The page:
Okinawa’s unique cultural identity is informed by its extensive, tumultuous history
The history of Okinawa stretches back thousands of years, to prehistoric times. There are many theories surrounding the origin of the Minatogawa people, the earliest Okinawans whose remains date as far back as 22,000 years ago. It is believed that up until the 10th century, life on the islands revolved around hunting, gathering, and fishing.
During the Gusuku era from the 12th century, farming developed on the islands, and communities grew. Leaders of these communities came into conflict over territory, which led to a boom in the development of defensive castles, or gusuku, which give the era its name.
From the 13th century to the 15th century, three major political spheres developed; the northern kingdom of Hokuzan, centrally located Chuzan, and southern Nanzan. All three traded with China’s Ming dynasty, and adopted elements of its culture. While the three kingdoms vied for power, they were eventually unified by Sho Hashi, the king of Chuzan, into the Ryukyu Kingdom in 1429.
The Great Trading Era
The Ryukyu Kingdom lasted for more than 400 years, and was characterized by booming trade with Japan, China, and other Asian countries like the Philippines and Thailand. This confluence of cultures in one place gave birth to unique traditions that continue to define Okinawa’s island culture. Performance arts, cuisine, and traditional crafts flourished, and became more and more refined.
The autonomous kingdom came under control of mainland Japan in 1606 after forces from Satsuma (present-day Kagoshima Prefecture) invaded in 1591. Although the kingdom complied with government requirements established by the Tokugawa shogunate during the Edo period (1603–1867), it continued to trade with China. The shogunate was abolished at the advent of the Meiji era (1868–1912), and in 1875, so too was the Ryukyu Kingdom. It was officially designated Okinawa Prefecture in 1879, under the leadership of its first governor, Naoyoshi Nabeshima.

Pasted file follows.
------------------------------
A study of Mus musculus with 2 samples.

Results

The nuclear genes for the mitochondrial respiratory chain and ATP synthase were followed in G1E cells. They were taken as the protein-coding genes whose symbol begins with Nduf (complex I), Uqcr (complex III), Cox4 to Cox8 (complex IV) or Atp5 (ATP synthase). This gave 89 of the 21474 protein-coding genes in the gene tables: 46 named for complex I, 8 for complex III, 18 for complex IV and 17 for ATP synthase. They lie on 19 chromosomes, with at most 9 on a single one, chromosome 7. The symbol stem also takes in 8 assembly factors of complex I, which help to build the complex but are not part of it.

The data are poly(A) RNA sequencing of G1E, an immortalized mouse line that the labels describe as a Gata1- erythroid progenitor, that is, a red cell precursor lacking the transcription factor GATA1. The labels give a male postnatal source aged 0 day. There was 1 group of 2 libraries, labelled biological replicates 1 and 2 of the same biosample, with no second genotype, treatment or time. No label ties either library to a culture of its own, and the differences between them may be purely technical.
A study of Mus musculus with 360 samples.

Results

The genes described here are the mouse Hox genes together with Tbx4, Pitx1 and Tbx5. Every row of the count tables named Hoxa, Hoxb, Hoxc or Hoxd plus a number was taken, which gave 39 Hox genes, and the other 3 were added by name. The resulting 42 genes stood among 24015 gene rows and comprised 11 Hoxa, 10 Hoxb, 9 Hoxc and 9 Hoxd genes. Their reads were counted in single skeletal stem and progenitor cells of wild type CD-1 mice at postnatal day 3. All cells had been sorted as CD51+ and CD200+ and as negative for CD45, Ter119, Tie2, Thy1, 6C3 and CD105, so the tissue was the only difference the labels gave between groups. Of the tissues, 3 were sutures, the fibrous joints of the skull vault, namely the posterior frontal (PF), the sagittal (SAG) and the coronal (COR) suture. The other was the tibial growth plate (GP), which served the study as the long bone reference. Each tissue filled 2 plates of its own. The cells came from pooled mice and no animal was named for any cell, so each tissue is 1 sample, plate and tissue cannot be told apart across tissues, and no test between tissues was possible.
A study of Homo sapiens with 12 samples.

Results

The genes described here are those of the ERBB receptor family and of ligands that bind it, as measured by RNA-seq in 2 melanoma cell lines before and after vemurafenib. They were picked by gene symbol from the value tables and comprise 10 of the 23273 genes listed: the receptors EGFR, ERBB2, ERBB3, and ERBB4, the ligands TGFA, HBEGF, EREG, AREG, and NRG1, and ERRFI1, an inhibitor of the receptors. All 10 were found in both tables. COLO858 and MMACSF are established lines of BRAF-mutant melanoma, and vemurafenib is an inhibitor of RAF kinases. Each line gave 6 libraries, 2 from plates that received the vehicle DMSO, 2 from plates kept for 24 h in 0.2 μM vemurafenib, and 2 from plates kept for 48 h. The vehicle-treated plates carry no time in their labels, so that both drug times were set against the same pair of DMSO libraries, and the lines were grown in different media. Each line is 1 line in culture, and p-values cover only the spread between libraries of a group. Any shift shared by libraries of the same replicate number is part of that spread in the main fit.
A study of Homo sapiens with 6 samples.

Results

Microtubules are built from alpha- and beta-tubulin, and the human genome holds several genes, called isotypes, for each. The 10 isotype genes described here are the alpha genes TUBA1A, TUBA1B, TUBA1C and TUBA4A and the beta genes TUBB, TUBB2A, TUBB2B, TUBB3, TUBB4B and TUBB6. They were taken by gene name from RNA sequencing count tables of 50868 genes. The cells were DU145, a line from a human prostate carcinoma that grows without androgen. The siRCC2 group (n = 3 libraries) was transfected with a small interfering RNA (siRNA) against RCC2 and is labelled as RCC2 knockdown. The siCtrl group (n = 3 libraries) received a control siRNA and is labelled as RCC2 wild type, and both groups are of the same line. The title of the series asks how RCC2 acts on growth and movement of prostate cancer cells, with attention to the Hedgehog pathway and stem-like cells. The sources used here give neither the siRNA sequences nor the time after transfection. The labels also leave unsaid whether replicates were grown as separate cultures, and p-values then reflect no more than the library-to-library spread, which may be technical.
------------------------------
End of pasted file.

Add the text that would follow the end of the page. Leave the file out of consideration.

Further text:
World War II
Okinawa was a fierce battleground in the final stages of WWII, and many lives were lost during the Battle of Okinawa (1945). The prefecture suffered severe damage, measured both culturally and in terms of casualties. When the war ended in 1945, Okinawa was placed under the control of the U.S., and remained so until it was returned to Japan on May 5, 1972. For almost 30 years, the islands were heavily influenced by American culture.
These days, Okinawa is best known as Japan’s island paradise, and is a premiere travel destination both domestically and abroad. While travelers flock to Okinawa to enjoy its pristine beaches, relaxed island culture, and luxury resorts, its historical sites and ecological importance have continued to garner attention on the global stage. In 2000, UNESCO registered the Gusuku Sites and Related Properties of the Kingdom of Ryukyu as Cultural World Heritage. In 2021, the biodiversity of the northern part of Okinawa Island and Iriomote Island, along with Amami-Oshima Island and Tokunoshima Island, were recognized as sites of Natural World Heritage.